Working with just one hospital can be difficult—and working with a hospital co-owned and managed by two independent entities could be an even bigger headache.
An emerging hospital ownership model
In March, St. Luke's University Health and Geisinger announced plans to build and co-own a new 80-bed hospital in Pennsylvania. The two health systems plan to split construction costs and governance, and both will provide staff for the hospital. St. Luke's will manage the new hospital's construction.
St. Luke's and Geisinger turned to the co-ownership model in part because they can improve patient care through their joint expertise and capital. There are also strategic advantages to remaining independent, such as retaining brand recognition. And they're not the only ones exploring the advantages of this model: Tenet and Baylor Scott & White also recently announced that they will co-own five Texas hospitals. However, unlike St. Luke's and Geisinger's joint branding, the Texas hospitals will all bear the Baylor Scott & White brand.
Amid the flurry of hospital mergers and acquisitions (M&A) activity, this co-ownership model stands out as especially collaborative. However, other, previous forays into co-ownership have been rather short-lived. Consequently, we can't say for sure if this relatively untested model will be a success, or if the push of M&A will force this model out—but this is a trend that is definitely worth keeping an eye on.
3 tips to manage relationships with co-owned hospitals
One of the challenges that co-owned hospitals face is determining who holds the decision-making power. Of course, this challenge also has implications for suppliers and service firms as well—how can you sell to a hospital when it's unclear who's in charge?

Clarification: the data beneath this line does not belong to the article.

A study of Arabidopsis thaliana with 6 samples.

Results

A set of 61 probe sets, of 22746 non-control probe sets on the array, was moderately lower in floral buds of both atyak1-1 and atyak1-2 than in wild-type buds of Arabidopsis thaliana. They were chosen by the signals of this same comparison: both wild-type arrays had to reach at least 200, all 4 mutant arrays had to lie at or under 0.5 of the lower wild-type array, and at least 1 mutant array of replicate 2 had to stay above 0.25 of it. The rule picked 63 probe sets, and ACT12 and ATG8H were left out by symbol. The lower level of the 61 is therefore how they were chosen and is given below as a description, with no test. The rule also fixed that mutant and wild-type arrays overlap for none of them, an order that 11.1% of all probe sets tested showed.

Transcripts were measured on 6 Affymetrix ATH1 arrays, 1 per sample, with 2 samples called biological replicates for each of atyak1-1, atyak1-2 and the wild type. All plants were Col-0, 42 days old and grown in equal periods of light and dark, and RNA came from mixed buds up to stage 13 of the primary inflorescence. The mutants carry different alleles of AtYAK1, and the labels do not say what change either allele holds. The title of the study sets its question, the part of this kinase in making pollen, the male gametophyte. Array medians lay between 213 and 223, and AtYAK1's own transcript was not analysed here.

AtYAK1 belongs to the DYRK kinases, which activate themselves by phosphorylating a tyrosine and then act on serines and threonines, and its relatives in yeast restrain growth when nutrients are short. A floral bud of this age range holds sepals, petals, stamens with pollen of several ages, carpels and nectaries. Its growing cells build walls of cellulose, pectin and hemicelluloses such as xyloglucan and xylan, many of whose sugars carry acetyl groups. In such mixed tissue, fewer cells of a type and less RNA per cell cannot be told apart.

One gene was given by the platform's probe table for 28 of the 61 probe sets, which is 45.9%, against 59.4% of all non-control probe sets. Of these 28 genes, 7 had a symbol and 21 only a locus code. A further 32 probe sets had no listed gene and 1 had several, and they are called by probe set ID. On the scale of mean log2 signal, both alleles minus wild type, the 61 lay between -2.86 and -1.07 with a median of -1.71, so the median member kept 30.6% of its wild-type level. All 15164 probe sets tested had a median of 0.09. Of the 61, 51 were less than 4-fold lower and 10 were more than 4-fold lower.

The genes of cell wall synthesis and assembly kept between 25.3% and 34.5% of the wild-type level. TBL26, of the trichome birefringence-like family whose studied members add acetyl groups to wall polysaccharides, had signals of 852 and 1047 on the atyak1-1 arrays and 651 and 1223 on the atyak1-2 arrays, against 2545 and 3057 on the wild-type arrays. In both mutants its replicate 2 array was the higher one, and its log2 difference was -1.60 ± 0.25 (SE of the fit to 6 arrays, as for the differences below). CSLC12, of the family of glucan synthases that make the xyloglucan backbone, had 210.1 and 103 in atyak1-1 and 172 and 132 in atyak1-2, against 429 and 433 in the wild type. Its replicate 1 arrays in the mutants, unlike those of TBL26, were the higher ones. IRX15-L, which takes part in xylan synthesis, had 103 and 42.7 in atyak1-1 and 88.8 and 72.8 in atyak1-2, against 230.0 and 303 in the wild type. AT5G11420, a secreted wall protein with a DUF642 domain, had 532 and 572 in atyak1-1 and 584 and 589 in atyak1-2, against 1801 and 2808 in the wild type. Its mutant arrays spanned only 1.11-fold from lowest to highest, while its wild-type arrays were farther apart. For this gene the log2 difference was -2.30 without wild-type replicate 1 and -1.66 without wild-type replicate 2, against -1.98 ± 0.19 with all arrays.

For starters, don't think of these co-owned hospitals as an entirely new animal. Try treating a co-owned hospital like a newly acquired hospital or newly integrated system. Sure, there will be operational kinks to work out—but don't worry about completely changing your sales strategies. Here are three tips that may be useful in dealing with these entities:
- Keep your ear to the ground. As with any hospital provider-supplier relationship strategy, you need to hit the pavement to understand what's being decided, who's making decisions, and how they're making them. Particularly with these co-owned entities, there is still considerable variation in their operations as they work out the operational intricacies of this model; do your homework before going into a meeting.
- Understand the goals of both co-owning hospitals. The value analysis committee (VAC) for a co-owned hospital may include members from only one organization, or it may include both. Either way, VACs in a co-owned hospital will likely consider viewpoints from both organizations, so it's best to understand where both owners are coming from. You may be able to leverage existing relationships—but don't assume that your good relationship with one organization will win you favor with the co-owned hospital.
- Stick with what you know, for now. VACs tend to rely heavily on input from supply chain, so if you're at a loss for where to start, supply chain is a valuable partner.
Ultimately, the future of co-owned hospitals remains to be seen. However, if these recent attempts prove successful, we may see more and more hospitals going this route, as health systems seek to grow their networks while maintaining their cherished identities.